An ugly war between Intel and three of the largest server vendors is brewing over the specifications of the bus architecture that figures to be at the heart of next-generation servers.
Talks between Intel and the triumvirate of Compaq, Hewlett-Packard, and IBM broke down last week, reportedly over Intel's unwillingness to compromise on its proposed Next Generation I/O (NGIO) specification, sources close to the negotiations said.
A second sticking point was the chipmaker's stance on not paying royalties to the three OEMs for the technical contributions each is willing to make toward the new architecture.
The big three are reportedly willing to craft their own alternative bus, which could set the stage for a major war over who gets control of a key hardware standard.
"The rub here is that the NGIO spec just isn't robust enough and does not allow for enough innovation within the standard," one source close to the negotiations claims. "Intel is also refusing to pay us back any royalties. We have some valuable intellectual property to contribute, and it is only fair we should be paid for it."
If a settlement cannot be reached expeditiously, the big three plan to issue a statement within two weeks making clear their intentions to foster their own standard, sources said.
Recently, however, Intel was showing signs it might be willing to back off on its insistence to not pay royalties, according to sources. But both parties had yet to come to a final agreement on how that would be worked out.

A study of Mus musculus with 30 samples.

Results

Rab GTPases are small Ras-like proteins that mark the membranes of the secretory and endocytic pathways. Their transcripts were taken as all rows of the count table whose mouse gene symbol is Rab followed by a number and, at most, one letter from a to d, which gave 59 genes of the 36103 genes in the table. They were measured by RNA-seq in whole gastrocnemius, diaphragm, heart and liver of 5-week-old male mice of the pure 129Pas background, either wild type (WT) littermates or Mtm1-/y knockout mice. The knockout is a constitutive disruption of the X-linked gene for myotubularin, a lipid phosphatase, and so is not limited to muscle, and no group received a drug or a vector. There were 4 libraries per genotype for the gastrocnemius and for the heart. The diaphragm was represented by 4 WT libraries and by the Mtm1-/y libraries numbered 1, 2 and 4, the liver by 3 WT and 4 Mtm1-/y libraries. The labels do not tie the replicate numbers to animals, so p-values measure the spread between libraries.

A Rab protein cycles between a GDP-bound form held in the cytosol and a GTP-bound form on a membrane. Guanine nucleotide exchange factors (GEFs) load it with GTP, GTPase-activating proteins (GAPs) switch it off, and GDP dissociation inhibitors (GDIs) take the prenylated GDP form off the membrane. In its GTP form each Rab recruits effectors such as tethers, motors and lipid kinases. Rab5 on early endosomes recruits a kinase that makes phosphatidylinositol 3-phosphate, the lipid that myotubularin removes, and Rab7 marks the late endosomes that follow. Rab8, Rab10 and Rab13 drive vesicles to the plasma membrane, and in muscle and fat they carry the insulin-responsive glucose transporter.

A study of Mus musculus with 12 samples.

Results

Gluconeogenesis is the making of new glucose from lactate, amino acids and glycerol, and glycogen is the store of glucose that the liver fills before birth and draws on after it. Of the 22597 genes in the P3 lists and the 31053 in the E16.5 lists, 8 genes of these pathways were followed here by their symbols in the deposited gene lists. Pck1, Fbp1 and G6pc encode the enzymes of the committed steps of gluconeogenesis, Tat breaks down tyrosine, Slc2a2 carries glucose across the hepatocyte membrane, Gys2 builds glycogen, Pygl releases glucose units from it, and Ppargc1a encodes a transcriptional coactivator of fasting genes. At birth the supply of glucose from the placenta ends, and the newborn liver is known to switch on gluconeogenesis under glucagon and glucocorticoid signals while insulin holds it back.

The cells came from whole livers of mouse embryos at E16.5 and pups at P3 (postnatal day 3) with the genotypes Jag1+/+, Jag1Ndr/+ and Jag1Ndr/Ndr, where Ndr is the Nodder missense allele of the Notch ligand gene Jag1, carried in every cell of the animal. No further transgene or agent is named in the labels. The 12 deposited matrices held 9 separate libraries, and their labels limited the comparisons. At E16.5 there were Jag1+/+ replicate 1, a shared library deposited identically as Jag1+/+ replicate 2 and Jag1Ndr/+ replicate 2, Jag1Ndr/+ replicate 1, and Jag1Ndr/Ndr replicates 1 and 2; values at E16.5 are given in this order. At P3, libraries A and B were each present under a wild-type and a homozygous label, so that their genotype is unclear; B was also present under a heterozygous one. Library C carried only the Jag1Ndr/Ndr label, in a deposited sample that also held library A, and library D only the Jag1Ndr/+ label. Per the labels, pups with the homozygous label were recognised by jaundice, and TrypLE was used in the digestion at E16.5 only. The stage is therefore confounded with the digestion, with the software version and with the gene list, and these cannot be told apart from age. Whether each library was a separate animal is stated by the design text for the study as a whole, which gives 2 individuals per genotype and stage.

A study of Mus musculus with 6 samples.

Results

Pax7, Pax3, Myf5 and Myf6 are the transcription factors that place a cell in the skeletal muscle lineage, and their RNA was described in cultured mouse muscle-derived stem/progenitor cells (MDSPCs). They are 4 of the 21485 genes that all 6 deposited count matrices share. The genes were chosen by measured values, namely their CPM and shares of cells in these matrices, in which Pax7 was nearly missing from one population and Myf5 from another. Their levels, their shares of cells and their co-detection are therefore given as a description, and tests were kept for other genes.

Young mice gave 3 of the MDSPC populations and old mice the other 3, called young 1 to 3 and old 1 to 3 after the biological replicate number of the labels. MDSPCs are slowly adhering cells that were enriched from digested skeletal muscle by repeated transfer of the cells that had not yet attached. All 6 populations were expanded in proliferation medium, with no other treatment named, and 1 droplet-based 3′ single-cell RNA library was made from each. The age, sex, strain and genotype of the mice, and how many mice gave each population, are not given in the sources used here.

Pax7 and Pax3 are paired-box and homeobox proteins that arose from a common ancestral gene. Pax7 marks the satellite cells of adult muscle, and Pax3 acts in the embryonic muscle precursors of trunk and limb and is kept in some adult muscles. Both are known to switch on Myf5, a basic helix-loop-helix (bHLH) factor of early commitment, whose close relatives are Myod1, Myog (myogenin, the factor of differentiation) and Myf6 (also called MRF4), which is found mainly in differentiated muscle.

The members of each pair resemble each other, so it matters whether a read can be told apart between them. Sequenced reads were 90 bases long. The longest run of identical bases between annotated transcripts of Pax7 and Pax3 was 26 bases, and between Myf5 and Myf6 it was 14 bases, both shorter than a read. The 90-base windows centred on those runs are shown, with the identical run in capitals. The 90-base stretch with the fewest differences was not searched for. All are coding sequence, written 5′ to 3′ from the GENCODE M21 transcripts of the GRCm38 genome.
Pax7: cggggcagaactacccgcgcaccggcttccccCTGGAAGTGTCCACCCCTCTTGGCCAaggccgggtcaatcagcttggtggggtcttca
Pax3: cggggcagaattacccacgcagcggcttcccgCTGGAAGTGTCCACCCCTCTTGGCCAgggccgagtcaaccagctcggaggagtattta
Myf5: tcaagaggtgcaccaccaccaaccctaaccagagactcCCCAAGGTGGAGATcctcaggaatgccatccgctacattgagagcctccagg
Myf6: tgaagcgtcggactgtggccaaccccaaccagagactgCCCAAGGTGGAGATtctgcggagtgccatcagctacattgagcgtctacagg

Some observers speculate that the ability to innovate -- or more importantly, the lack of ability to do so -- was a more important issue than money.
"Innovation means differentiation and what Intel wants is to have exactly the same product, which commoditises the hell out of the hardware," Kimball Brown, a Dataquest analyst, said. "This is so important in terms of getting future Intel chips up and running like Foster and McKinley."
Brown and others said they also believe the big three do not want to see their technical contributions commoditised and given away to competitors who are not investing heavily in technology, most notably Dell.
"A lot of this sounds like it's about Dell," one analyst, who did not want to be identified, said.
The proposed NGIO standard is the successor to the PCI and PCI X bus, to which all major hardware makers ascribe.
Most industry observers agree that the existing PCI bus architecture will not have the horsepower to adequately run higher-powered applications, such as for electronic commerce, which many corporations will want to deploy by the year 2000 and beyond.
"By 2001 or so it will become clear you'll need a richer I/O standard and it will not be [the traditional] bus, which is out of steam," said an executive from one of the big three.
The data throughput capability on an existing Intel Xeon chip is about 800Mbps, the forthcoming 32-bit Foster chip has a 3.2Gbps throughput, and performance on the higher-end McKinley processor could be substantially higher than that.
"This means two years from now you are looking at real server-based systems on a throughput basis that can match much more expensive Unix machines," Brown said. "None of those three guys want to see that happen, and Dell can't wait."